Most descriptions that explain how streamciphers work (like the one on Wikipedia), tend to describe a model that boils down to a simple “$ciphertext = plaintext \oplus stream$”, where the stream is determined by a nonce and a key, while the plaintext and ciphertext do not affect the stream at all.
On the other hand, streamcipher designs like Helix* seem to ignore the usual approach as their stream depends on the plaintext… reasoning that this approach adds authentication.
My personal feel is, that the dependence on plaintext has a good chance to introduce additional attack vectors (chosen plaintext attacks etc.). Looking at the potential downsides, it’s a bit unclear to me if I’m missing something. Maybe there are other reasons or arguments – besides the authentication aspect – which might support the idea of ignoring the regular streamcipher model, and I’m not seeing them.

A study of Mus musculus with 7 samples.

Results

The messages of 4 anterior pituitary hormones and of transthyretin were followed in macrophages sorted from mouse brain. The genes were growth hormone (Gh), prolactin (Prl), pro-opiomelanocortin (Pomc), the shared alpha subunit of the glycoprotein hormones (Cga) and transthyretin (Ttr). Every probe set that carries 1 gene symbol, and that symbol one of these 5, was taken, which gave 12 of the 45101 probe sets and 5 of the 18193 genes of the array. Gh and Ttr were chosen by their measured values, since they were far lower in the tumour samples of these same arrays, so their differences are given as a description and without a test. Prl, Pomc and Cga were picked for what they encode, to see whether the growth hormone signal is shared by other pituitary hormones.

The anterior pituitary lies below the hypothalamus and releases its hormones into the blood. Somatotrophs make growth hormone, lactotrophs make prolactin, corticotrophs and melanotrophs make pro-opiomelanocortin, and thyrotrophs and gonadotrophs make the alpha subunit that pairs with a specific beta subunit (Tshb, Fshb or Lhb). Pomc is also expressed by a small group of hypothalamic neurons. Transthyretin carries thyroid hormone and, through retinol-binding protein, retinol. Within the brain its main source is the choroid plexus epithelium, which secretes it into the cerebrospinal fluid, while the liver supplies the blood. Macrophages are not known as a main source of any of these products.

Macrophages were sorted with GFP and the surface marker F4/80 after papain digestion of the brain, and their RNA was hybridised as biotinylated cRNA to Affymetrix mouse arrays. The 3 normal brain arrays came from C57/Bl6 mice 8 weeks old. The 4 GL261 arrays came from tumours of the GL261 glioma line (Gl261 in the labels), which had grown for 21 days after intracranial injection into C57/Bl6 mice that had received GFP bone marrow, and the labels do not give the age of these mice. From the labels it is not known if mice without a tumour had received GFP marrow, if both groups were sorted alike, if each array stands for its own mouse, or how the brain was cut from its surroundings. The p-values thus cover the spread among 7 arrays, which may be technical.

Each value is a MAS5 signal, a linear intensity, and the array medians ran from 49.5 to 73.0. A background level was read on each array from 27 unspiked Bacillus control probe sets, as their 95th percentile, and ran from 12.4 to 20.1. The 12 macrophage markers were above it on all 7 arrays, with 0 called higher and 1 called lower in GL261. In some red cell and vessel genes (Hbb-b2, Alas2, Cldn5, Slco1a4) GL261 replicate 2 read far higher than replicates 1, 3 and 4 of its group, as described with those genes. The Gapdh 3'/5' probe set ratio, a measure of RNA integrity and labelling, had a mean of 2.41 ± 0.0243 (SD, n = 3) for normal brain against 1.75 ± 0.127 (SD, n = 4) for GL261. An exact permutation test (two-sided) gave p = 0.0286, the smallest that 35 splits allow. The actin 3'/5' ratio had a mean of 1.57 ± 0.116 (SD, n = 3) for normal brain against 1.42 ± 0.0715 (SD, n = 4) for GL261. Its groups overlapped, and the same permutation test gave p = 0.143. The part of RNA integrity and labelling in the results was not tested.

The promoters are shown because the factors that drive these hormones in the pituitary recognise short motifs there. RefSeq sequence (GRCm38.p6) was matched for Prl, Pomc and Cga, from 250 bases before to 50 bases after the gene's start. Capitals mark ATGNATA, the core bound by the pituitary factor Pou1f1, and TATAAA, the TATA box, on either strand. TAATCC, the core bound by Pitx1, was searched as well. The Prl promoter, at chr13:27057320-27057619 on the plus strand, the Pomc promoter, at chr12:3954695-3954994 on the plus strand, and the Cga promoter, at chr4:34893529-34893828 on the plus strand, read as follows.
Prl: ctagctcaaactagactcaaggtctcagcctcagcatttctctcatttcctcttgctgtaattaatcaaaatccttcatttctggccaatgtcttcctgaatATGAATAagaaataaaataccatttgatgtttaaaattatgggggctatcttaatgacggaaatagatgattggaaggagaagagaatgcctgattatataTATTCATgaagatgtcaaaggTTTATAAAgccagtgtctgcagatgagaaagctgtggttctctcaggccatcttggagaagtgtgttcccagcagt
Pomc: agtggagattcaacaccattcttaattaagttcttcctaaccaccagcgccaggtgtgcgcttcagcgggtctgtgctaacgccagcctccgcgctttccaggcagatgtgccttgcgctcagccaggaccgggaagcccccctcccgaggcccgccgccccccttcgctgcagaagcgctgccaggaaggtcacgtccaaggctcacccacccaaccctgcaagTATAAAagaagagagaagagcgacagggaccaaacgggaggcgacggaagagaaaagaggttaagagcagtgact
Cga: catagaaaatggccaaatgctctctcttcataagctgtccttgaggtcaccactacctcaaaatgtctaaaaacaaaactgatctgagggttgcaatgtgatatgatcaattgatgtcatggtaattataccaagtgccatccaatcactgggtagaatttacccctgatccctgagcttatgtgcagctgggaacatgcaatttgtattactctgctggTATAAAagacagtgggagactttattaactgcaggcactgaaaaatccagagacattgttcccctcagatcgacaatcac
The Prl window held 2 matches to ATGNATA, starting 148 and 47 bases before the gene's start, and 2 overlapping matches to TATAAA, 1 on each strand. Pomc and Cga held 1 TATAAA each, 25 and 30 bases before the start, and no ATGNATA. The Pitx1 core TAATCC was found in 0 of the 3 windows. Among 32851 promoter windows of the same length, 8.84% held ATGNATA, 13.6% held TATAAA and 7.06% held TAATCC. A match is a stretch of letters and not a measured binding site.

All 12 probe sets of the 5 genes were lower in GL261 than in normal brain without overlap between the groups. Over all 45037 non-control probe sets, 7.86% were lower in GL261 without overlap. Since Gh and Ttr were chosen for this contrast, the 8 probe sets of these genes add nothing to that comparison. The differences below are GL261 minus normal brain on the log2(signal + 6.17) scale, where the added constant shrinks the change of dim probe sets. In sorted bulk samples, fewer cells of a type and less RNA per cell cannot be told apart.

Is there anything else to be gained by making the stream depend on the plaintext? If, what are the other potential advantages (besides gaining authentication) of making the stream depend on the plaintext, compared to the more frequently used “$ciphertext = plaintext \oplus stream$” approach?
* “Helix: Fast Encryption and Authentication in a Single Cryptographic Primitive” by Ferguson, Whiting, Schneier, Kelsey, Lucks, Kohno
Nota Bene: In his “Salsa20 Design” paper on page 4, Bernstein asks an alike question – ”Should the stream be independent of the plaintext?” – and argues against it. But he merely argues about the authentication part of things and nothing else… which doesn’t really help when trying to learn about the potential benefits such a construction might have besides the debated authentication aspect.